History or racism? Debate continues in Reidsville
By Danielle Battaglia
June 08, 2011
REIDSVILLE, N.C. —
Dozens of Reidsville residents flocked to Wednesday afternoon’s city council meeting to debate whether the city’s Confederate soldier statue is a symbol of history or racism.
“This has become a black and white thing again,” said Reidsville resident Floyd Slade.
The statue was toppled May 23 when, according to police, Mark Anthony Vincent of Greensboro fell asleep at the wheel of his van shortly before 5 a.m. and crashed into the monument, causing the statue to shatter into several pieces.
City officials are trying to determine whether the statue — which has stood watch over downtown Reidsville for more than 100 years — should be repaired and returned to the top of the monument.
It was clear Wednesday there was a division among those residents who attended the meeting, but it was not entirely along racial lines. Members of both races held both opinions.
Still, there was underlying tension in the room where at least 35 people spoke during the public comment portion of the meeting.
“I think people should celebrate heritage,” said resident Gregory Lee. “But I want you to understand that me coming up here as a child and seeing that statue every day of my life and seeing and getting older and becoming knowledgeable of what the statue stood for, what they fought for, what they died for, had an affect on me, whether you believe it or not.”
Lee said the statue also affected his classmates, himself and his family, and will impact his nieces, nephews and even grandchildren if it gets rebuilt.
Another resident said seeing the statue every day hurt because he was called names, pushed around and harassed as a child for the color of his skin.
Shawna Deford, an Elon University student who was raised in Rockingham County, said she thinks the argument shouldn’t even be raised, because this is part of her heritage, as her ancestors fought for the Confederacy. She also feels the statue wasn’t an issue until now.
“This issue wasn’t even brought up because members of this town felt strongly enough to bring it up, but because someone hit it on accident,” said Deford.
Sherry Blackburn also had family who fought for the Confederacy. She had other family members that fought for the Union. For her, the statue is a reminder of a horrible past for her family and the country.
“I would think in the year of 2011, that we would show respect towards one another, regardless of the color of our skin or our attitude towards one another, that we would simply be able to show respect for a past that has been very, very hurtful to many people.” said Blackburn. “I don’t need a stark reminder of that terrible event in our nation’s history, that broke my family apart, so I resent that it even stands there at all as a monument to the city I live in.”
Blackburn’s family isn’t alone in experiencing division because of the statue controversy. Some residents said they feel the issue will divide the city.
“I’d hate to see a statue split the city in half,” said the Rev. R. L. Walkins. “I’d hate to see us go backwards. Sometimes there is a time you need to move forward.”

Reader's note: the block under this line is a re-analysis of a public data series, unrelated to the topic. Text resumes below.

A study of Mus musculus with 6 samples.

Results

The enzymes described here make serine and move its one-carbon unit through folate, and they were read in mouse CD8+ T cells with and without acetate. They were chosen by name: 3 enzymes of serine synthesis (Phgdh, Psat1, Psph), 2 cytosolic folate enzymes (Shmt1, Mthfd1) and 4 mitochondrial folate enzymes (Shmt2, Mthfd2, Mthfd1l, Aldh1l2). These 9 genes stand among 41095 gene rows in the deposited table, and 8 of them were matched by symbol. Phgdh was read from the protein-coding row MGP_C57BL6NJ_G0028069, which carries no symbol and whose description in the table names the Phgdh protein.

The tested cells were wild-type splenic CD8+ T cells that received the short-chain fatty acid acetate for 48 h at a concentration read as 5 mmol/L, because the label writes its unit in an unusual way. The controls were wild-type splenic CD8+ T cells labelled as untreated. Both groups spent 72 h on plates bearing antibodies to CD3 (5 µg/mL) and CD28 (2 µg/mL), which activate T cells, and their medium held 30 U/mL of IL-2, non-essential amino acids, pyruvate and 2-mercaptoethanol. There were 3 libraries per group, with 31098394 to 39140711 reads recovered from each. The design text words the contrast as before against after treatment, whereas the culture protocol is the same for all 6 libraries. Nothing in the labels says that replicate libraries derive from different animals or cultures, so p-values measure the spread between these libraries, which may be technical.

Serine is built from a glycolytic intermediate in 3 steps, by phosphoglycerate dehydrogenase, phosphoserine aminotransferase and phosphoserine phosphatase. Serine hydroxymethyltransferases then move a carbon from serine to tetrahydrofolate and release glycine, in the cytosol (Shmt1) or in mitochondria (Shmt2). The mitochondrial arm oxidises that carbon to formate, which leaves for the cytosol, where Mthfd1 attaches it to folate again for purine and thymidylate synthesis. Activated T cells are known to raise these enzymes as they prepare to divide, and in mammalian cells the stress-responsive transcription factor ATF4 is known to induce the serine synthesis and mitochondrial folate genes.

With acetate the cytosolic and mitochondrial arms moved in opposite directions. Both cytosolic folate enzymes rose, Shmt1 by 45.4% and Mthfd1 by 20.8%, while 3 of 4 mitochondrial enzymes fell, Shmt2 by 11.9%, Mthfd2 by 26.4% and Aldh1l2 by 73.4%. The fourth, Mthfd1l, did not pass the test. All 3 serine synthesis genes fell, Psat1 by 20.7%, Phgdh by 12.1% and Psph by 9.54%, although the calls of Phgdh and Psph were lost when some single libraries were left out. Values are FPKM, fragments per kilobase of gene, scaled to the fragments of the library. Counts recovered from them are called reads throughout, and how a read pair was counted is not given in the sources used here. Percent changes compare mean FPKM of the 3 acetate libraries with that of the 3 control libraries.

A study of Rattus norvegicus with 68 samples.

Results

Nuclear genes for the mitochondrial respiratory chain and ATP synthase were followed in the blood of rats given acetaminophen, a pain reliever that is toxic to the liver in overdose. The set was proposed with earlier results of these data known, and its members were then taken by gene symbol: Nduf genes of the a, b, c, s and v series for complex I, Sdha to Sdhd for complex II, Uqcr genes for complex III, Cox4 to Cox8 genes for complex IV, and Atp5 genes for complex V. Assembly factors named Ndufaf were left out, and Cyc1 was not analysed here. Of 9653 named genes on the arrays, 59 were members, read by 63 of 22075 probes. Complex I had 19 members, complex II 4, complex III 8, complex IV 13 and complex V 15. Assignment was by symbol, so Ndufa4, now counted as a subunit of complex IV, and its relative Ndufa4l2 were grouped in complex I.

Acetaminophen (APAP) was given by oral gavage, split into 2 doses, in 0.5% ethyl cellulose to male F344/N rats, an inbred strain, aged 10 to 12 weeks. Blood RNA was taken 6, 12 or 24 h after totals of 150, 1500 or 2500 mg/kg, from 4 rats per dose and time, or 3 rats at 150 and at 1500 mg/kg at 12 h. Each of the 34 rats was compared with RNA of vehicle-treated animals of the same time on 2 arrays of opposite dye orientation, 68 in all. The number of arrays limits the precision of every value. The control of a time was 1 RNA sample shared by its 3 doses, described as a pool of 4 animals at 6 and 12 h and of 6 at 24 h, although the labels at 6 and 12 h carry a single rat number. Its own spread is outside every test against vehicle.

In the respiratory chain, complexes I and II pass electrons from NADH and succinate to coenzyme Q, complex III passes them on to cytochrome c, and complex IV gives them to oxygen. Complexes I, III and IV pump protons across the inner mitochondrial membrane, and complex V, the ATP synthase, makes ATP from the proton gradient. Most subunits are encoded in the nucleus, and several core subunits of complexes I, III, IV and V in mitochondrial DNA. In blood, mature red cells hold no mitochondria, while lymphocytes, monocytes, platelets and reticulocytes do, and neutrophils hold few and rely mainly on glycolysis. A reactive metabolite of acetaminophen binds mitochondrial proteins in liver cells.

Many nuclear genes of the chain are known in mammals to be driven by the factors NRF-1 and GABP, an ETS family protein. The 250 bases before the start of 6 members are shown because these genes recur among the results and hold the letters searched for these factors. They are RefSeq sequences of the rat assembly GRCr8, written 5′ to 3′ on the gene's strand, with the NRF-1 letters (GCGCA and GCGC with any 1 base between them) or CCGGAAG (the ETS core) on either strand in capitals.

Others said they see it as a marker to honor their relatives who died in the war. Jaime Funkhouser had an ancestor in the Confederate army whose body was tossed to the sea, and the family was unable to have a burial site.
“I see it as a marker for a family member thrown to sea,” said Funkhouser.
Funkhouser drove from Winston-Salem earlier Wednesday morning to show his support and bring awareness that there was a meeting at City Hall Wednesday.
Dressing as a Confederate solider, Funkhouser took on the post of the statue, standing in the traffic circle on the corner of West Market Street and Scales Street.
Arriving at dawn, Funkhouser took his post and stood in front of the monument, waving at cars driving past.
Cars stopped to honk, wave and take pictures of Funkhouser. While some approved of his presence, a crowd standing next to Reidsville Library gathered with their arms folded and frowns on their faces, shaking their heads in his direction.
Several people also spoke out against Vincent during the meeting, with one resident calling for him to pay in full for repairs to the statue, regardless of how much it will cost him. The man also said if the city doesn’t make Vincent pay, the city should be sued.
Some other speakers said they don’t want tax money to pay for repairs. Other residents also think the monument should be moved somewhere more appropriate, whether that be a museum, a park or the Rockingham County Veteran’s Memorial in Wentworth. In its place, people suggested a garden, a fountain or a flagpole.
For the most part, residents kept peaceful during the meeting. Mayor James K. Festerman did have to ask for the Reidsville Police Department to be mindful of the audience after a few rude comments were directed toward a speaker, but, as Festerman had predicted recently, those in attendance were respectful toward one another for the most part.
Festerman said he does not know when a decision will be made on the future of the monument, and the city is still dealing with legal matters regarding the statue, including who actually owns it. Most likely, Festerman said, it will be a slow process.